Small Credit Union's Processor Wins Over CEO
Robert Taylor was so impressed with the core processing system at the smaller credit union his Idaho State University Federal Credit Union was merging that the CEO is not only keeping that platform around, he’s buying a piece of the company.
Earlier this year, the $130 million ISUCU took in the $17 million Pocatello Teachers Federal Credit Union in Pocatello, Idaho.
Along with its 2,600 members, the 15,700-member ISUCU got a first-hand look at the CUProdigy Core system from Credit Union Data Processing Inc., a CUSO in Farmington, Utah.
“The normal assumption is that the system at the larger credit union would be the continuing one but I guess we decided otherwise after seeing what it had to offer and talking to their people and seeing how open both truly were,” Taylor said.
As a result of the merger, ISUCU now has 55 employees and five branches – three in Pocatello and one each in Blackfoot and Idaho Falls – and seven surcharge-free ATMs on the Idaho State campus. Taylor said his merged staff played a major role in the decision to look at staying with the smaller system.
“The tellers loved the CUDP system and kept badgering to take a look at it until I did. I was pretty close minded about it until then,” Taylor said.
His first impression came when he went to a Pocatello Teachers branch with his Mac.
“CUDP set me up on it in just a couple minutes and there I was on Firefox looking at names and accounts. There’s no way I could have done that with some other systems,” Taylor said. “It’s very platform independent.”
Taylor also found that he was able to talk the same language with the programming staff at CUDP, something he said has not always been the case in the past.
“I don’t want to mention the company’s name, but I had a discussion a couple years ago with a programmer we were working with, and he just couldn’t understand what was saying. I had him repeat it back to me and really, it was very frustrating,” Taylor recalled.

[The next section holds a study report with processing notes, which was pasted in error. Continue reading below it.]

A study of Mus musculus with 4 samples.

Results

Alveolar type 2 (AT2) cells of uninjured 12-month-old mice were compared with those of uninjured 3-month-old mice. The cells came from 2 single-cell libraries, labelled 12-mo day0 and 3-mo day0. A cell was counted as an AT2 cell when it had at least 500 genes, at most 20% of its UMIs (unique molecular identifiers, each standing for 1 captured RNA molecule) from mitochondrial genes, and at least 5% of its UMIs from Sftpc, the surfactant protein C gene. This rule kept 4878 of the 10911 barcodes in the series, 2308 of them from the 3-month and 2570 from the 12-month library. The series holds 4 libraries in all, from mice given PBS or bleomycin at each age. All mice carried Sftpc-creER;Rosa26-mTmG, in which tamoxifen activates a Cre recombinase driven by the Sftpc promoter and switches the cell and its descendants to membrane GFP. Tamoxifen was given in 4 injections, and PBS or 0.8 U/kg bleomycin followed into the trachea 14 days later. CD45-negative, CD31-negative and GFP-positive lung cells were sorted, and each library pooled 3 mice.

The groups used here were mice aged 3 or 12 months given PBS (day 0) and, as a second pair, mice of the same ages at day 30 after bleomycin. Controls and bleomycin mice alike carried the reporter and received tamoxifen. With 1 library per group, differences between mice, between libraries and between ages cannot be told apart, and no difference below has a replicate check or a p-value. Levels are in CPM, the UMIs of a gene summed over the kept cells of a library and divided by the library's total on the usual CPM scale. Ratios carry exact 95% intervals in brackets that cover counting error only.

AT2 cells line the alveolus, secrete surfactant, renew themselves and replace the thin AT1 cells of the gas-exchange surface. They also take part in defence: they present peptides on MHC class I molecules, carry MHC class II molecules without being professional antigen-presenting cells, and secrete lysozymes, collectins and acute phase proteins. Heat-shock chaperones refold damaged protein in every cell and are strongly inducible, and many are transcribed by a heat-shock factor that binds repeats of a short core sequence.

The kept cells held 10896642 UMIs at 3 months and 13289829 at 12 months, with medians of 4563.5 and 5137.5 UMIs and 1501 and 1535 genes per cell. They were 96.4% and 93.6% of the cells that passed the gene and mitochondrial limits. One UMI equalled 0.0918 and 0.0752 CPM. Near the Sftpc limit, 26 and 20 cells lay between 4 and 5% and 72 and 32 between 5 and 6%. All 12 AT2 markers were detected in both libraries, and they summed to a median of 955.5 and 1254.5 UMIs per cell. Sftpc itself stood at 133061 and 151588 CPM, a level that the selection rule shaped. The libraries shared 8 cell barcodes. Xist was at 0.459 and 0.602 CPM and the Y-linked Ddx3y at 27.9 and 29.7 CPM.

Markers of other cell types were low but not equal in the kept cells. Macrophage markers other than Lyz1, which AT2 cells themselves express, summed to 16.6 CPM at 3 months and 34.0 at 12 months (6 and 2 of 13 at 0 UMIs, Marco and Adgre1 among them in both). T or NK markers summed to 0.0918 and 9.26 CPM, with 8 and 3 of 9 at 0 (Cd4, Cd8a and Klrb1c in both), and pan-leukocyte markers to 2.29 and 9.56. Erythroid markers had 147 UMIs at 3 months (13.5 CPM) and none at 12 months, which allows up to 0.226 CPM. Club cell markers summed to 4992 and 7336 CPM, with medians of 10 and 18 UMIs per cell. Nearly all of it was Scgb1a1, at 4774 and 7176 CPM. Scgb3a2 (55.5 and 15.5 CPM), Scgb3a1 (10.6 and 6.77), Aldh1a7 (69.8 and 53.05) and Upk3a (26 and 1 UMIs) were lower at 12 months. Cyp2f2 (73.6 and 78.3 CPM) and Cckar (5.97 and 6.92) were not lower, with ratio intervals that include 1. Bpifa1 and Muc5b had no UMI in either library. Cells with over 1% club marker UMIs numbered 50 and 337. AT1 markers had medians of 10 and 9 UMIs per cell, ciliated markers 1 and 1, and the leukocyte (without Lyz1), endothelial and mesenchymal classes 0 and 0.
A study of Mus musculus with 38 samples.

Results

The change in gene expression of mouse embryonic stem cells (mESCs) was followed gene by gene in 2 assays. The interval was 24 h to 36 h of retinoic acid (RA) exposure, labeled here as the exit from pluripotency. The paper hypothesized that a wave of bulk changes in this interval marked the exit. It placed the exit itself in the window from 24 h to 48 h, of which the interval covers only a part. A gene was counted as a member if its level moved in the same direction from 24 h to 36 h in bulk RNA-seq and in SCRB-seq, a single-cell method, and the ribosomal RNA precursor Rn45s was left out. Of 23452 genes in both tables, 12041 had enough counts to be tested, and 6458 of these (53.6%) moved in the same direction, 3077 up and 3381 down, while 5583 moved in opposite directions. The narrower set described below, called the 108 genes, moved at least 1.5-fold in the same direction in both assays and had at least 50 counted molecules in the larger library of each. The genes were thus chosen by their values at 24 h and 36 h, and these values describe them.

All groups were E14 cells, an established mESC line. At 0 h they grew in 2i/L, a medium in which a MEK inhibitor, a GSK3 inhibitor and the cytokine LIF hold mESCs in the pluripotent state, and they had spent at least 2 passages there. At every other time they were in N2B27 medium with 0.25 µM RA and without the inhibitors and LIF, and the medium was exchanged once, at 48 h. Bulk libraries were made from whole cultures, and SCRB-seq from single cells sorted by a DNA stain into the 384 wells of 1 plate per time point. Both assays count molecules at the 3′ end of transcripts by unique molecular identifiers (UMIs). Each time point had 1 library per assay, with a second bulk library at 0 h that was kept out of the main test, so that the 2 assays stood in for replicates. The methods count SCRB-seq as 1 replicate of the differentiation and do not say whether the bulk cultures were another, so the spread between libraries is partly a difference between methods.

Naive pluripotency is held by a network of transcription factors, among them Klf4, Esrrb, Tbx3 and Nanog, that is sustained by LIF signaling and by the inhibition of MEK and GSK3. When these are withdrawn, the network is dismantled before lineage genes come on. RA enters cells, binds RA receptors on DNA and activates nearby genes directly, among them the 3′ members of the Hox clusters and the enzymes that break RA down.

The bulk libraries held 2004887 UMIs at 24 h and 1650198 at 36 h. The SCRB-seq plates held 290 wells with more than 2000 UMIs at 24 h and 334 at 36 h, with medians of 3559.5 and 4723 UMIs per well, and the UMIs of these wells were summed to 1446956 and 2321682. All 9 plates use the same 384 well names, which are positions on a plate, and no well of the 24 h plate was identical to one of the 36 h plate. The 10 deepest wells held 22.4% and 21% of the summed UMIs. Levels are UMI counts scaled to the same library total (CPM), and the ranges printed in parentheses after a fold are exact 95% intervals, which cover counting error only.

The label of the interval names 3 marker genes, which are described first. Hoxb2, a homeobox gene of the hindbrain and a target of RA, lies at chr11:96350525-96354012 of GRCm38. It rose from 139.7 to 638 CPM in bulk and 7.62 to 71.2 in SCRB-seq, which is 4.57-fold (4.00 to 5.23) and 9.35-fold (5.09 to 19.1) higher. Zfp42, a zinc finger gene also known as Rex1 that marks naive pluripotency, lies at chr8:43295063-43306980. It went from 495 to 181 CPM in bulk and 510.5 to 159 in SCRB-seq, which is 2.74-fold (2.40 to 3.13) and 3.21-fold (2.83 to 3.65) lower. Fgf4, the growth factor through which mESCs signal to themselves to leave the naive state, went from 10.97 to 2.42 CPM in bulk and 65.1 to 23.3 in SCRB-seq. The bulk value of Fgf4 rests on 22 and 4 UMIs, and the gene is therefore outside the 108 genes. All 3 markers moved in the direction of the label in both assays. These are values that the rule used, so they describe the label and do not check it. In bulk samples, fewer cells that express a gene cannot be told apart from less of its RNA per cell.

Work is under way now to meet the expected conversion date of Dec. 31 this year, Taylor said. ISUCU currently runs on the CUnify platform from Open Solutions Inc. Prior to that, it ran on the SOSystems solution that Open Solutions purchased and eventually began sunsetting.
The credit union has a demanding university membership base and is a power user of the Open Solutions system, Taylor said. The IT manager at ISUCU is active in their users group and has been an instructor for them in report writing, he pointed out.
“We’re always pushing for more and I think we’re now at the point where the bigger companies probably can’t turn our demands around soon enough,” Taylor said. “My members are demanding things that demand a different architecture, more bill pay, more multi-channel banking. CUDP has developed the [application programming interface] and has the people we need to provide a truly open system and work with us to get what we need in here.”
They’re integrating with a number of different vendors at ISUCU, including FICS for mortgage servicing, CardWizard for instant-issue debit cards and a marketing customer information file system from Jack Henry & Associates that the credit union used to extract data and segment the new members from the former Pocatello Teachers FCU.
Taylor said he also was impressed enough to persuade his board of directors to purchase a 16% stake in CUDP.
“Who’d ever heard of Google or Facebook before they became mainstream? That’s the way I feel about CUProdigy; it’s the next step in the evolution of credit union core processing systems,” Taylor said.
Now with 16 credit unions using its core processing platform, CUDP has completely rewritten and upgraded it over the past four years, the CUSO said. Along with interfacing with third party vendors, an emphasis was placed on business continuity and disaster recovery.
“If my system goes down I have continuous backup of my database at an offsite location to get us up and running quickly and I won’t have backup servers to deal with. If we lose one branch we can just go to another with no hiccups at all,” Taylor said.
That flexibility comes from the database replication technology CUDP is now using, said Charlie Fulks, president/CEO of CUDP. He also said that while his CUSO’s small size makes it easier to work closely with and be responsive to its credit union clients, it’s not as simple as it sounds.
“It’s not that easy. We have several developers involved in making all this possible, including what we call in interface engineer who finds ways that allow us to handle all the communications between the third parties and us,” Fulks said.
The 21-year-old CUSO also has developed not just a can-do, but a must-do philosophy as it re-developed its core platform over the past few years.
“Several years ago, one of our credit union people, a board member of our CUSO, described how it was beginning to feel like he was a large credit union trapped in a small credit union body,” Fulks said. “That’s how it felt knowing he had to be able to provide everything to his members that they would get from a large credit union.”
While the CUDP system can scale to large credit unions, Fulks said, being a small CUSO also has its advantages. Taylor said that’s why he asked his board of directors at ISUCU to invest in CUDP, eventually buying 16% of the ownership.
“Our credit union’s bottom line is to increase member satisfaction, not profitability for a few shareholders," Taylor said. "That’s what I love about the fact CUDP is a CUSO. The philosophy is much the same.”